From Reuben Harvey, with Franklin’s Note for a Reply
ALS: American Philosophical Society
Cork 17th. Ma[y, 1783]6
I take the liberty to ask thy advice on the following Matter [faded: and request(?)] an answer as soon as possible. A Merchant(?) here named Stubbeman who has continued warmly attach’d to America is now loading a Ship call’d the Ann Benjn. Edmonton Master for Philadelphia which will be ready to sail in 20 days; There are about 100 poor Tradesmen & Husbandmen offering to proceed on board this Ship in order to settle in America, but they have not Money to pay their Passage, & therefore propose to indent as Servants for a certain term, as has been the custom heretofore; but my friend Stubbeman is unwilling to accept them in this manner until he has thy opinion respecting the propriety of it, least Congress may disapprove of such Men being carried out to America; I own I think that those sort of useful laborious Men will be very acceptable in your Country, & I can assure thee there is not a Convict or Felon amongst them. Thy immediate Answer will be acknowledg’d a great favour, as the Vessel will only be delay’d until it comes.7
I am with the most respectful regard Thy sincere Friend
I have had the pleasure to receive the first consignment that arrived from the United States; viz—The Enterprize Capt Garzia from Rhode Island, She was address’d to me by a Gentn. named Charles Green a Cousin Germain of Genl. Green.8
Benjamen Franklin Esqr.
Addressed: Benjamen Franklin Esqr. / Ambassador from the / United States of America / at / Paris
Endorsed: They will go to a Country where People do not export their Beef & Linnen to import Claret, while the Poor at home live on Potatoes and wear Rags. Indeed America has not Beef & Linnen sufficient for Exportation, because every Man there, even the poorest, eats Beef and wears a Shirt.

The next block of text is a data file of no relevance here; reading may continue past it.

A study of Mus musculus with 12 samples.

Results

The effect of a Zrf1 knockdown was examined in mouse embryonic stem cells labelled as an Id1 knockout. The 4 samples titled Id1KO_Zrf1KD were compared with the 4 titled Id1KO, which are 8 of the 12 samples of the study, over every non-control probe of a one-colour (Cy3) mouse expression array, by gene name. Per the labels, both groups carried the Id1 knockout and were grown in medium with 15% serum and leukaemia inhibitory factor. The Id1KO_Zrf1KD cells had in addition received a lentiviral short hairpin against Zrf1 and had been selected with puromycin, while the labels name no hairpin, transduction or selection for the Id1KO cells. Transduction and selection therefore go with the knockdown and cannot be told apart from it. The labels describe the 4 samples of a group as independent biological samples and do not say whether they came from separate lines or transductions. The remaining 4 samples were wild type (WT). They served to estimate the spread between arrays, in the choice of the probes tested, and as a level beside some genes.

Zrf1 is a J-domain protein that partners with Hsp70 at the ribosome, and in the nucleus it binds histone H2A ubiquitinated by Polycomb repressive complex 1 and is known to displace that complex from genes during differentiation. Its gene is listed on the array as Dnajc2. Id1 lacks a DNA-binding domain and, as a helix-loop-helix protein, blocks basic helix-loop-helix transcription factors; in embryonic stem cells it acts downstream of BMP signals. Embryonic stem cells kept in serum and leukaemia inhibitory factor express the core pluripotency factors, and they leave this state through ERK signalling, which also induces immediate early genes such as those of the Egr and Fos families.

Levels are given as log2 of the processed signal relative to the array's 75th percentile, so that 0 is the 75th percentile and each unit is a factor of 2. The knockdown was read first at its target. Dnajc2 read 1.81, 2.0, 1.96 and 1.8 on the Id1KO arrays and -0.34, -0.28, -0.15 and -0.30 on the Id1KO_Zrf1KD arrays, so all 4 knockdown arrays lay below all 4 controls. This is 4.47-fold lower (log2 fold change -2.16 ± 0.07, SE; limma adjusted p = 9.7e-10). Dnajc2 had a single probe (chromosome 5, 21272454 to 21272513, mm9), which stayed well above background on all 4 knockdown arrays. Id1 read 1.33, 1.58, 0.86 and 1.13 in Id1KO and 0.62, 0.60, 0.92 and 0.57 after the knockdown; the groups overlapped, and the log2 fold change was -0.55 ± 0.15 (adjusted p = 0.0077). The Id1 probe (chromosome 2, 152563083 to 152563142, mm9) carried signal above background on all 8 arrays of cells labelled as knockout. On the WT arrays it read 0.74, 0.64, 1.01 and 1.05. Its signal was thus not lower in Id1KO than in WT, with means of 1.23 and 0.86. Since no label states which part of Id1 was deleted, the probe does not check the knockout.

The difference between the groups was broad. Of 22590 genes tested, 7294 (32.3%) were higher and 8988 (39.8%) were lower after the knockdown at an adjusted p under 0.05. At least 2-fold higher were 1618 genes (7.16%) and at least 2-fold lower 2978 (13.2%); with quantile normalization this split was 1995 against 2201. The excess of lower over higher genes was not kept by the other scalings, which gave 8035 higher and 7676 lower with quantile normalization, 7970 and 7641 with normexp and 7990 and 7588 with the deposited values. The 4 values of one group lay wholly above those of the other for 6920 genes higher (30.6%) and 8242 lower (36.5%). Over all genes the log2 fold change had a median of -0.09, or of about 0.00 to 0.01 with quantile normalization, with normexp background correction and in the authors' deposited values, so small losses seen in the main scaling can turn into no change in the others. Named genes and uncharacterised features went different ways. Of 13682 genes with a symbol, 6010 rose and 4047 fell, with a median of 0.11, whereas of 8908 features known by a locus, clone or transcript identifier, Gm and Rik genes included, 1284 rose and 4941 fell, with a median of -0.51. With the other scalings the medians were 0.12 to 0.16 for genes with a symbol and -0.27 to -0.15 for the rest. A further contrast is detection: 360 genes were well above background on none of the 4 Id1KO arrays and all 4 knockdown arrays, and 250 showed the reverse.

6. The upper right-hand corner of the MS is torn. We base the date on the April arrival of the Enterprize, mentioned in the postscript.
7. BF’s answer has not survived, but Harvey acknowledged it in his letter of July 25. The Ann sailed in late June under Capt. Edmonstone’s direction and arrived in Philadelphia in mid-August, when the various trades offered by these young men were immediately advertised: Pa. Evening Post, Aug. 14, 1783; Pa. Gaz., Sept. 17, 1783.
8. Charles Greene (1753–1816), a shipowner from East Greenwich, R.I., was the son of Rufus Greene (X, 368n) and a first cousin of Gen. Nathanael Greene: Louise B. Clarke, comp., The Greenes of Rhode Island … (New York, 1903), pp. 129, 217–18. The Enterprize, said to be the first ship flying American colors to arrive in Ireland, entered Cork harbor on April 21 with a cargo of flaxseed and staves. Reuben Harvey was described as being “a gentleman well known for his firm and avowed principles in favour of the liberty and independence of America”: Boston Evening-Post and the Gen. Advertiser, June 7, 1783.